By Chris Jones/The Oshawa Express

With budget season underway, regional council has elected to refer proposed 2019 property tax guidelines back to staff for the sake of transparency.

After the finance and administration committee approved a two per cent increase to the property tax guidelines, some other councillors felt some apprehension.

Originally, staff had requested the two per cent increase, as well as leeway for an extra .5 to .75 per cent in case of budget cuts from the province.

The hope was this would help to maintain service levels after cuts from the region.

But, the committee determined staff should find a way to handle the budget cuts within the two per cent.

To stay within the guidelines, the committee told Durham Regional Police officials to keep their budget increase to a maximum of 3.2 per cent

Conservation authorities were allowed an operations budget increase of 2.5 per cent, and a special programs budget increase of 1.5 per cent.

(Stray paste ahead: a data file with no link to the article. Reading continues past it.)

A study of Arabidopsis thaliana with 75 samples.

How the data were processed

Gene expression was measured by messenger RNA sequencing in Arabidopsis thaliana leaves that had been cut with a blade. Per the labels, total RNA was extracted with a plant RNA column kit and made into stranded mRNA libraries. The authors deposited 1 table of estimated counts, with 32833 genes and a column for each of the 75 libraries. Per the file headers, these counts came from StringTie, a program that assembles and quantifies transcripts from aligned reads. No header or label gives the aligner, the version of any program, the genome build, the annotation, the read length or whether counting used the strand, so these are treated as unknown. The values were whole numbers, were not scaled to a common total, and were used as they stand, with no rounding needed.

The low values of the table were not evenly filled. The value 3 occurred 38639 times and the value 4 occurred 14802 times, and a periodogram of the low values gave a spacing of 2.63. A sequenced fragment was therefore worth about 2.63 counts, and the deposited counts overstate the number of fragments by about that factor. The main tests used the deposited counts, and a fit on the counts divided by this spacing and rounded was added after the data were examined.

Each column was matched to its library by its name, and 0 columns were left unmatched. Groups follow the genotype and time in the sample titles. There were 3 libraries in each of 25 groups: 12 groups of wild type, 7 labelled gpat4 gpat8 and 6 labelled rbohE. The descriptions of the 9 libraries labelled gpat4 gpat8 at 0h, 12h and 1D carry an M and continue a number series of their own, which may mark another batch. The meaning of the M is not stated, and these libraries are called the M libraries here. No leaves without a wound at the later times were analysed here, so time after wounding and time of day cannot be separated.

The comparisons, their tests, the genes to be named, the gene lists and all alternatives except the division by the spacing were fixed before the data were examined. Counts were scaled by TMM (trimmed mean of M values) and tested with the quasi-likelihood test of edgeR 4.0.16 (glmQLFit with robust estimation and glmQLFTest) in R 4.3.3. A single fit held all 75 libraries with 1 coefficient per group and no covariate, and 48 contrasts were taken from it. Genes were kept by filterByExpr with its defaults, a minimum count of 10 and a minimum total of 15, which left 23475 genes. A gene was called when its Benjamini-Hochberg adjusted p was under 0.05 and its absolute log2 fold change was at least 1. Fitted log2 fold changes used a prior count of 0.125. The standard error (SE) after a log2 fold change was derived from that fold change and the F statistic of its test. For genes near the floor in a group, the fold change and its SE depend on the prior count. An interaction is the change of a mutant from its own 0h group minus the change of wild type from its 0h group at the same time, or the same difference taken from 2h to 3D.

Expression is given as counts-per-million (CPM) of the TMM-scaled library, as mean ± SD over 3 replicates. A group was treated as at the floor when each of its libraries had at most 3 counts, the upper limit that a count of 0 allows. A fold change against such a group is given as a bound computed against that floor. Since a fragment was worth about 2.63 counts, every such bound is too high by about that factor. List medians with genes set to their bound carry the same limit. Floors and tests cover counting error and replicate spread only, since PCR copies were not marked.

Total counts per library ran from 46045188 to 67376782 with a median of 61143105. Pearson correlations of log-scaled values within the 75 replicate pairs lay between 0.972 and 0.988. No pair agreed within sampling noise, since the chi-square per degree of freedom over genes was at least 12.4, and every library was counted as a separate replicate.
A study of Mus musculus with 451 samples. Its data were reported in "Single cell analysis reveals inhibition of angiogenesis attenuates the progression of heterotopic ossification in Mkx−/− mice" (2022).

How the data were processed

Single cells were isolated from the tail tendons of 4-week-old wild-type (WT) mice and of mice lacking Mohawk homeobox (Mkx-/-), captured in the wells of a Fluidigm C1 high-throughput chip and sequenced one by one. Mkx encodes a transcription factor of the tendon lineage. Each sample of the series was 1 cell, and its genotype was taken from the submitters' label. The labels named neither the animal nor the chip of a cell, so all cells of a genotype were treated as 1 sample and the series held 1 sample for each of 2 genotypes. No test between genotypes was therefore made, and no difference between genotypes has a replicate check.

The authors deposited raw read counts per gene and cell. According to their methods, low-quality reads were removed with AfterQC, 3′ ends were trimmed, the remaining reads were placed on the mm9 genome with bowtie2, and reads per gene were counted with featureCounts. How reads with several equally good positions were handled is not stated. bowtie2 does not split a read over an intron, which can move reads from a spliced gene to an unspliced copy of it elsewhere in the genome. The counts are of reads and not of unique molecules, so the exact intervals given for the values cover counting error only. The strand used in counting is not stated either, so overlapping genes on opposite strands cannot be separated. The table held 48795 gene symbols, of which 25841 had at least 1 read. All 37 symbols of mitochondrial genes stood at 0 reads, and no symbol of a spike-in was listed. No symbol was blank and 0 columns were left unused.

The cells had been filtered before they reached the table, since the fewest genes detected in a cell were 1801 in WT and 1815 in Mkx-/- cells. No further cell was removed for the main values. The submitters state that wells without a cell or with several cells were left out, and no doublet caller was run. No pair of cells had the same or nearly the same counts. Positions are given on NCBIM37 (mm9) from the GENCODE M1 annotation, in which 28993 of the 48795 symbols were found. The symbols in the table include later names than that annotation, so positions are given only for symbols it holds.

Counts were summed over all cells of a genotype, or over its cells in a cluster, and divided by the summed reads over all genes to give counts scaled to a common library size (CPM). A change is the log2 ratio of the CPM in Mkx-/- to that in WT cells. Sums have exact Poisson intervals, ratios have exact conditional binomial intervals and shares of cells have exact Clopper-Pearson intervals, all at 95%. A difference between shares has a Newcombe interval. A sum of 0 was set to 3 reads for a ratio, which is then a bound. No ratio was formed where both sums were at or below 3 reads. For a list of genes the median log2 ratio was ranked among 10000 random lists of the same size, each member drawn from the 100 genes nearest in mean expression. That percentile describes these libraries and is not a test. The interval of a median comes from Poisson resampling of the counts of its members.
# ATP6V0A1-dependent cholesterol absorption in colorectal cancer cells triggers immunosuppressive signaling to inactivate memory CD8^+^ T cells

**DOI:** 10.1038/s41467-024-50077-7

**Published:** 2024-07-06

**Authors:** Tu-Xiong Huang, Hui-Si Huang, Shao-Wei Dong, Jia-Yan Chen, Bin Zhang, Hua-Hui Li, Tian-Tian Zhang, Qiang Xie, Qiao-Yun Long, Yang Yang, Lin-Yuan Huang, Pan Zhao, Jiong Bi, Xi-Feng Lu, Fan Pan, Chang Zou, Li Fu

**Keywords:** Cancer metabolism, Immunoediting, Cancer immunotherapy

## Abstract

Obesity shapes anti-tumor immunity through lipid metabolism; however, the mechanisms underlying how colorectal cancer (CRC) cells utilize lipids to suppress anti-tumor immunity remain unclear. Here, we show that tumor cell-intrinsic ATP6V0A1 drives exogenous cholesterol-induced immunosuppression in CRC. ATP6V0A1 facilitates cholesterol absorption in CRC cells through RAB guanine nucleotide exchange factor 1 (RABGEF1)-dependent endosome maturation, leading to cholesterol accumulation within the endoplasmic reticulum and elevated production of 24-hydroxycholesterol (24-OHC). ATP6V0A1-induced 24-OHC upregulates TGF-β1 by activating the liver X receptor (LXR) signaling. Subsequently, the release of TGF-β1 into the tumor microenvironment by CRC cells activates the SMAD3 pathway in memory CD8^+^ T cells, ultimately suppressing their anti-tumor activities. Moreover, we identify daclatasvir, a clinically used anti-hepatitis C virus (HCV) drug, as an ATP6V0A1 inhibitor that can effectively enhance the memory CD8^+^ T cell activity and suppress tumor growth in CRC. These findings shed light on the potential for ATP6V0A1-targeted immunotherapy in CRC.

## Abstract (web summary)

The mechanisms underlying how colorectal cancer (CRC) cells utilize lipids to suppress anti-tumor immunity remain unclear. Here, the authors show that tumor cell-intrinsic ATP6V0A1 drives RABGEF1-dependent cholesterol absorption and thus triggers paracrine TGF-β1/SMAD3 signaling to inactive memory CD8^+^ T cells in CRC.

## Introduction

But councillors still expressed concern, with Whitby Mayor Don Mitchell noting he was told by commissioner of works Susan Siopis the increase will have a lot of  implications council needs to know about.

“She just strongly urges… [council] refer it back so you can know the implications of what you’re doing here,” said Mitchell.

He also expressed concerns about the transparency of the increase.

“If we bury these provincial implications right now, then we’re somehow going to have to explain why we did that,” he said.

He adds for him it’s about being clear about the budget – and he believes the region isn’t being transparent if they already know they are receiving the cuts, and go ahead with the increase anyway.

Yet Pickering councillor Kevin Ashe, who sits on the finance committee, said he believes the committee was clear.

“I just think the two per cent sets a goal that we can achieve,” he said.

He explains when he was knocking on doors during last year’s municipal election, he felt people in Durham were hurting.

“I think the two per cent [increase]… is a thoughtful discussion that we had at finance committee,” he said.

Yet, Oshawa Mayor Dan Carter felt it was wise to look into it the issue further, and put forth a motion to refer it back to staff, which carried.

It will once again be in front of the region’s finance and administration committee in November.